Growing Up in a Diverse Hometown and Neighbourhood



One of the obstacles that will occur during the research collection process is locating the social clubs in different towns and cities and finding out who the leaders and members are in order to interview them. Further, since in certain cities social clubs and hometown associations operate underground it will be increasingly difficult to identify research participants. It will take extensive preparation and time to find participants. Interview participants might want to keep the activities of their club private, therefore, information collection might become difficult and a rapport might have to be established before interviewing leaders of social clubs and hometown associations, which will take time and cost money.

The journal article pertains to support structures in place in areas of high Latino immigrant density. For this study, “Focus groups were used to examine the sources of support available to Latino immigrant families within their social network and the role support agents play, as well as families’ access to formal sources of advocacy” (Ayón and Bou Ghosn Naddy 363). One of the places where support is found in Latino immigrant communities in the United States is within social clubs. Theses social clubs bring together Latinos and sub-groups of Latinos and provide a support network. Among other things, the social clubs allow immigrants an opportunity to organize more easily and become a more unified force for advocating for themselves.

Susan Drucker and Gary Gumpert published this journal article regarding public life and how it is regulated. An important section of their research focuses on social clubs and shows how their existence is often under threat due to city laws and regulations, specifically in New York City. “These clubs often provide places for men to play cards or reminisce. They may sponsor sports teams in the community, offer dancing or music, or offer gambling. The clubs serve not only social but economic, cultural and political functions as well. They have served as sites for political mobilization and as an unofficial employment agency. Clubs are a part of American’s changing character as immigrant members become more involved in their new communities” (Drucker and Gumpert 290). The authors note the multiple functions that social clubs offer in immigrant communities. Due to the broad range of activities offered by social clubs, immigrant life is often centered around them during the early days of their transition period to a new country. Due to strict regulation of social clubs, especially in larger cities, they often must operate underground, sometimes promoting a culture of organized crime within them.

This journal article’s research found that “using the case of Mexican HTAs in the Los Angeles area, we find that transnational organizations are indeed disadvantaged in relation to ethnic organizations such as the National Association of Latino Elected and Appointed Officials (NALEO) and the Mexican American Legal Defense and Educational Fund (MALDEF)” (Ramakrishnan and Viramontes 157). The article noted financial restrictions and laws that govern non-profit organizations work to prevent hometown organizations from being effective in their goals. It is more useful to concentrate on local issues in the immigrant community than in their home country.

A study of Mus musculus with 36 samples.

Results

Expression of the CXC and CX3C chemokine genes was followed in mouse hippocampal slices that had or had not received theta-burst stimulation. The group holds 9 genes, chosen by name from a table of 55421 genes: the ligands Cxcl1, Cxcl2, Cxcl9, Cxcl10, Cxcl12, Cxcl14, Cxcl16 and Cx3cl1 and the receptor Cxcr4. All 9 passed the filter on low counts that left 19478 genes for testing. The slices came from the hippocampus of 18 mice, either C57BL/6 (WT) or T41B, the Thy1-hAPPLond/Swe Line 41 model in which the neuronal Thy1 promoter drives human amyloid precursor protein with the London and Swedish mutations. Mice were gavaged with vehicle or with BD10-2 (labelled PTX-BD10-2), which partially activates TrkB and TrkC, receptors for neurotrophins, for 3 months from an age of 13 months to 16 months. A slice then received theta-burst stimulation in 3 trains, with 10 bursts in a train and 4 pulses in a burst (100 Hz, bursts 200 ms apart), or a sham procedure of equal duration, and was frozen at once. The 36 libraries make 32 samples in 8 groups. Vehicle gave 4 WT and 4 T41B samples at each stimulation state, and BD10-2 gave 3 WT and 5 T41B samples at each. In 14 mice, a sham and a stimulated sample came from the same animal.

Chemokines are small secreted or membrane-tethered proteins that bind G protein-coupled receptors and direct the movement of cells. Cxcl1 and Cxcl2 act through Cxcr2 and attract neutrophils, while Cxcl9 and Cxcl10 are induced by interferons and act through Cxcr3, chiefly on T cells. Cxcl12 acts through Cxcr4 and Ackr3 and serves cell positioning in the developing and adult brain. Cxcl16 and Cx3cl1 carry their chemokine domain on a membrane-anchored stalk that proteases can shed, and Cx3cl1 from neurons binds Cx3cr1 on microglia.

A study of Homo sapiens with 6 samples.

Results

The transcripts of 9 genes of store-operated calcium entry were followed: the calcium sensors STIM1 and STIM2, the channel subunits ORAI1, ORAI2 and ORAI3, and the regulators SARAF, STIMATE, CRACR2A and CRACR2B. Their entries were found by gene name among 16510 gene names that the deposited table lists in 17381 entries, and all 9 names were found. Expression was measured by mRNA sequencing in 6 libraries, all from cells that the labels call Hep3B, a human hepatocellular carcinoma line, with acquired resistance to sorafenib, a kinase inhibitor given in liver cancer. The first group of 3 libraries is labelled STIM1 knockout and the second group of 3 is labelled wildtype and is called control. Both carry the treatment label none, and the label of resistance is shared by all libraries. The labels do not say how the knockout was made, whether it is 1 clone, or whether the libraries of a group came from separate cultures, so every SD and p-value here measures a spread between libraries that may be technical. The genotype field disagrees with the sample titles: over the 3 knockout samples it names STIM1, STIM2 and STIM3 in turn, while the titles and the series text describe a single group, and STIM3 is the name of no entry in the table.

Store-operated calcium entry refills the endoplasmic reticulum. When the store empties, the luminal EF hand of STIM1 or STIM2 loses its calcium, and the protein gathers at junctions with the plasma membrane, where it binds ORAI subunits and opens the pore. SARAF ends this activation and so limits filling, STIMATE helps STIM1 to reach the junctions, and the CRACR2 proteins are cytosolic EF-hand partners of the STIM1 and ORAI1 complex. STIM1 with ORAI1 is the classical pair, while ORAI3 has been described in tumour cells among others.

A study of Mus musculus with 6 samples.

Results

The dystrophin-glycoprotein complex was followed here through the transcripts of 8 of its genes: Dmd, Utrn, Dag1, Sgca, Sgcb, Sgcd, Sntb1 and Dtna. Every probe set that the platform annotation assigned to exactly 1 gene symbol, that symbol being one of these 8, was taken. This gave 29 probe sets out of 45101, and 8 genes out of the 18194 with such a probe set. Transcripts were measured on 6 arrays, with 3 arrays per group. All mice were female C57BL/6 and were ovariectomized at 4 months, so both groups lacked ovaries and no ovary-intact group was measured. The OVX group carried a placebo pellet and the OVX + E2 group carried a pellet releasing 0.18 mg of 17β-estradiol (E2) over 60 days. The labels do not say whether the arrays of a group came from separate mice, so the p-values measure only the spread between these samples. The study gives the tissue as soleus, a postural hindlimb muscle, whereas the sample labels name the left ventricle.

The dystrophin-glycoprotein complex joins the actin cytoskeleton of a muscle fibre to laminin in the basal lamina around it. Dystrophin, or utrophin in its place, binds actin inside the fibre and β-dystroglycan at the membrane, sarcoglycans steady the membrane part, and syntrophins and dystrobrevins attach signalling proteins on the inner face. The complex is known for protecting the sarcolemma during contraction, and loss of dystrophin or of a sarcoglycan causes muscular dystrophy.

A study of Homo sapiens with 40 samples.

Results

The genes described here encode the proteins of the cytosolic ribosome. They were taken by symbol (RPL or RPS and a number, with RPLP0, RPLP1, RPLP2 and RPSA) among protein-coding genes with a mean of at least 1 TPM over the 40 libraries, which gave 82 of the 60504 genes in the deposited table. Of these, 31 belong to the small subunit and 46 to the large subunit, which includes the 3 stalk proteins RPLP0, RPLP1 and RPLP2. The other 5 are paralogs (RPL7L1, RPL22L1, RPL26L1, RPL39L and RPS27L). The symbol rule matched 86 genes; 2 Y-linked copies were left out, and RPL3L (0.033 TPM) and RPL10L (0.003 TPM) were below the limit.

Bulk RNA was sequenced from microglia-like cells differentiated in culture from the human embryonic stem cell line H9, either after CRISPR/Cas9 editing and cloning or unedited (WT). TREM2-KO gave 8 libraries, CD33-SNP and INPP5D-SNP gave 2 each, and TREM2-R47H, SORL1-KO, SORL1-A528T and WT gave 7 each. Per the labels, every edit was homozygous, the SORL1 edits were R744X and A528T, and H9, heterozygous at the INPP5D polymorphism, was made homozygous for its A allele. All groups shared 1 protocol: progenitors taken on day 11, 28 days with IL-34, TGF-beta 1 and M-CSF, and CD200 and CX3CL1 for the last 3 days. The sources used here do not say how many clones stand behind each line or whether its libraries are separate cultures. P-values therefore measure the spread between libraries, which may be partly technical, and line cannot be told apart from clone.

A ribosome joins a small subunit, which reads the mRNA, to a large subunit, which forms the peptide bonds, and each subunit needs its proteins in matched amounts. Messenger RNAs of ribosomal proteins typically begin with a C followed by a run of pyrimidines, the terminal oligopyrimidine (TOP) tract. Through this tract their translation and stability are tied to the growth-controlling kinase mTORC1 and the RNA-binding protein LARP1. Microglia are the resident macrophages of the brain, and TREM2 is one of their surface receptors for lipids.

This journal article noted that immigrants who spend large amounts of time participating in a social club, in this case, a Muslim-American social club, “lowered their chances of developing friendships outside of their ethnic community” (Stodolska and Livengood 296). The researchers conducted interviews with participants in order to find out more about leisure life in Muslim immigrnt communities. Those interviewed were from several different Middle Eastern countries. The participants emphasized the importance of a robust family and community life, which is emphasized in the religious texts of Islam. Researchers noted that the tendency of those who practice Islam to follow a strct adherence to the lifestyle it promotes. Thus, Muslims tend to stick together more and not assimilate into American culture, unlike other ethinc groups. Pertaining to my research question, it is apparent from this journal article that the social club’s mentioned serve as a wall to permeation from other cultures present in the United States.

The above journal article assesses the importance of hometown associations in Mexican immigrant communities in Southern California. A hometown association is similar to a social club in the sense that it is a group of people who share a common ethnicity and group together in order to advocate, promote, and preserve themselves and their culture. The hometown associations are strictly local entities and serve as pillars of their community. Besides political activity, hometown associations also help to support the home country where the members are from. “As a result of this program, Mexican clubs have channeled funds for infrastructure to their hometowns” (Zabin and Rabadán 19). The researchers concluded that the hometown associations main goal is to advance their home nation’s interests and not involve itself with local politics as much. Thus, the institution within the community tends to serve as an isolating institution rather than one that is meant to bridge divides.